I am not entirely happy with this explanation. I am aware that the proportion of saturated to unsaturated fat in an organism's cell walls will vary with diet, and could imagine that the fat stored within its adipose tissue will be different too. The person who provided the answer also posted references which confirm that part. But I doubt that the effect will be strong enough that, if an animal on low-saturated-fat diet is processed to lard, the resulting lard will be a viscous liquid, as opposed to the usual soft solid. If my memory doesn't fail me, my grandma used to keep her animals on a mostly starch-based diet, and still was able to process them for (solid) lard.

Can somebody confirm or disprove this theory?

@AlanBoyd I have read it as the explanation to why saturated fats are unhealthy: the cell walls membranes of the eater become stiffer and less flexible by incorporating molecules made with saturated instead of unsaturated fatty acids. I don't remember my sources, they were some kind of popular science, not peer-reviewed literature, so it is possible that they were wrong, or that they were oversimplified enough to give me a wrong understanding of what is actually happening. – rumtscho Sep 28 '13 at 14:46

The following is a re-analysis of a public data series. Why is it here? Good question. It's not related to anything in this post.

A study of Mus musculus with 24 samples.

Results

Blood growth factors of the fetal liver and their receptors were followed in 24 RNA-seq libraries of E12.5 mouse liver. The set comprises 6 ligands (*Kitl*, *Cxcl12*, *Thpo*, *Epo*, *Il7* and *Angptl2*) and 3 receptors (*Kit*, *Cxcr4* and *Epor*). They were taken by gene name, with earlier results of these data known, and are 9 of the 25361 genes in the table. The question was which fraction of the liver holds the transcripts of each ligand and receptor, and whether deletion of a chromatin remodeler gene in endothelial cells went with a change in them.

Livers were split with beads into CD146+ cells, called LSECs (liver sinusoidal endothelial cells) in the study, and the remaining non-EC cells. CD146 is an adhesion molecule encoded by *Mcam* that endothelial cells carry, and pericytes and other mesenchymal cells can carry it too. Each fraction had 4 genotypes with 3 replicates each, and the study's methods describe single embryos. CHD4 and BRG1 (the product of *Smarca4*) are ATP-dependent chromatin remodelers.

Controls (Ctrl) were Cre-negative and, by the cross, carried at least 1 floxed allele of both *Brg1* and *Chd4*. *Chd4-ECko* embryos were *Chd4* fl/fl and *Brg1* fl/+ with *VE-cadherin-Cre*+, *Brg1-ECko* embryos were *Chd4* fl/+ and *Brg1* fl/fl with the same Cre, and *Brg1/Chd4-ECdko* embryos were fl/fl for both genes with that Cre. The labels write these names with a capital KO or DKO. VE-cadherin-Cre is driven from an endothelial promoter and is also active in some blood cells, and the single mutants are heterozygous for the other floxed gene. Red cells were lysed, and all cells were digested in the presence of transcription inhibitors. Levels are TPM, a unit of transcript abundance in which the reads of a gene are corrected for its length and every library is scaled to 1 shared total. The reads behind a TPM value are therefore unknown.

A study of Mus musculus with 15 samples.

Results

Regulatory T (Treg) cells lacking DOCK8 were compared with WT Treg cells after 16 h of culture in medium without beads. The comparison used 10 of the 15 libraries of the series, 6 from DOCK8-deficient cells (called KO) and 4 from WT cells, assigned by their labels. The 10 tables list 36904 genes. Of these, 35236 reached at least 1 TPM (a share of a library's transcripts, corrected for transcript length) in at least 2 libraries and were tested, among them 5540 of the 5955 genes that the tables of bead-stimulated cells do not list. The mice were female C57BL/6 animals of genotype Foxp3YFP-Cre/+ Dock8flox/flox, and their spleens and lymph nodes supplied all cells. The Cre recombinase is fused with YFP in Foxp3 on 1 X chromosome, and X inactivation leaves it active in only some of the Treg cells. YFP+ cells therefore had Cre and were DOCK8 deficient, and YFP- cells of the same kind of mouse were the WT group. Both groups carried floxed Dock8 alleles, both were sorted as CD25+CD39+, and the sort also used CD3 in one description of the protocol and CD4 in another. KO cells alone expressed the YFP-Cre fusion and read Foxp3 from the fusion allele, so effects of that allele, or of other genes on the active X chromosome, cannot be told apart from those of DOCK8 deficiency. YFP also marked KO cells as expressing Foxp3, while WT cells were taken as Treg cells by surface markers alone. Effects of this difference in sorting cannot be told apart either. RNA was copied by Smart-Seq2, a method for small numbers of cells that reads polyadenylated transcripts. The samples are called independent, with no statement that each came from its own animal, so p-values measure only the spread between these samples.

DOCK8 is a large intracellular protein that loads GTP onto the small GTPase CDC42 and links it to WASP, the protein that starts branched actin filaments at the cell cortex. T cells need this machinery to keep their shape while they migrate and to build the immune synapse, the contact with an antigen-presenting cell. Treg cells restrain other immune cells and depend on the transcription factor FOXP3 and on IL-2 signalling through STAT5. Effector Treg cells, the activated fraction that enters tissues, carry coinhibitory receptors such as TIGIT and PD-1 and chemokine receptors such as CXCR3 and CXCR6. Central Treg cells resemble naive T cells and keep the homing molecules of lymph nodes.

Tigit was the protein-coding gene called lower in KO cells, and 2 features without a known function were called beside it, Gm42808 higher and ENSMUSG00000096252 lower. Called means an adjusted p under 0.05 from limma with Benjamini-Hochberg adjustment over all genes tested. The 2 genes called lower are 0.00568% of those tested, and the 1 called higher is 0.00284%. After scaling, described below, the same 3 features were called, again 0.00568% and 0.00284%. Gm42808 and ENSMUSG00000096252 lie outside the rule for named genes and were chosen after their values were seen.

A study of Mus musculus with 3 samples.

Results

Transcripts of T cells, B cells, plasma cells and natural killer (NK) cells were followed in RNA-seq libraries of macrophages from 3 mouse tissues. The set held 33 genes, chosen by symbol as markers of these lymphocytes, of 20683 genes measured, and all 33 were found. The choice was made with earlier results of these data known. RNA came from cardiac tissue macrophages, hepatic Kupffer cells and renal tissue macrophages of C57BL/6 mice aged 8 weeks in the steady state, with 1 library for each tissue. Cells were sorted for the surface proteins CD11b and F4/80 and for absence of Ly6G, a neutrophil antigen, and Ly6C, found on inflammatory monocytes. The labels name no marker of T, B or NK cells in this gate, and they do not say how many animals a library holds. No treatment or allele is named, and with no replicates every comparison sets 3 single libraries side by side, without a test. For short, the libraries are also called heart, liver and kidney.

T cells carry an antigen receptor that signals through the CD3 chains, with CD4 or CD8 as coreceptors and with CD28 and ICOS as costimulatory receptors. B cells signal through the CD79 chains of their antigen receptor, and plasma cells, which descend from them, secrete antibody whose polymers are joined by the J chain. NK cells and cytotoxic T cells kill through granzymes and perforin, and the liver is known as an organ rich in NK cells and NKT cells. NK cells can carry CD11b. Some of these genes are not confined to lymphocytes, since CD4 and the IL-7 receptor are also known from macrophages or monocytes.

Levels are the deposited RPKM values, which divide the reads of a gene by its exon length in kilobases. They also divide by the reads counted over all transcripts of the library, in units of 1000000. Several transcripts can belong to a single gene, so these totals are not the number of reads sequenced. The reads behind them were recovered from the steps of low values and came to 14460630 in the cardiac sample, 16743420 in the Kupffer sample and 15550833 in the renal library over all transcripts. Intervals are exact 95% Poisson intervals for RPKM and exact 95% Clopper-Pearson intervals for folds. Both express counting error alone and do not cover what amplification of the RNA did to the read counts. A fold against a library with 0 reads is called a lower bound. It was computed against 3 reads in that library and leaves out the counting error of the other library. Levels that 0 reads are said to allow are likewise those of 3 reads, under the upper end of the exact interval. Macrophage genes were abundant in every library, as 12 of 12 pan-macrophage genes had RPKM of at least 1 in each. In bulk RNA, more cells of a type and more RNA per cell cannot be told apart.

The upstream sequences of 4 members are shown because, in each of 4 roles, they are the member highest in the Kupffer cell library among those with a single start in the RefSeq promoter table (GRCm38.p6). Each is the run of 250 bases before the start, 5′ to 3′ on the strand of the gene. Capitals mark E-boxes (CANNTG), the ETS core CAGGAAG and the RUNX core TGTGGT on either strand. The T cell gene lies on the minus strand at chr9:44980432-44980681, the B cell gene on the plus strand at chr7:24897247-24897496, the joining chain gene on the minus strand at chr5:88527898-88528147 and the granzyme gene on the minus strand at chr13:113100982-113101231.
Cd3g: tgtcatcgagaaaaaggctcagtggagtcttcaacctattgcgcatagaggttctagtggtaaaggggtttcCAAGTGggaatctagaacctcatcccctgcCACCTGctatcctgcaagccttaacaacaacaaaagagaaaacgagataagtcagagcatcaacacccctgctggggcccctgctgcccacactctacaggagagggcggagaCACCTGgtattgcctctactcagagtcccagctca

Without going into the biochemical details of fatty acid digestion, mobilization, and synthesis, the brief answer is that the animal regulates its own fatty acid composition to within a specified range regardless of its food. Lipid metabolism does not differ from the metabolism of other compounds, in that it is a highly regulated, enzyme-mediated process, which ultimately is genetically determined.

It must be stressed that a heterotroph assimilates its food, not as complete macromolecules, but as their base components. For example, the starch-fed chickens you described would digest the starch down completely to glucose, which would then be converted in the liver to fatty acids. These fatty acids would be, of course, those that the chicken had the enzymes to synthesize, which are consequently mostly saturated fatty acids of a certain length that happen to solidify when cooled.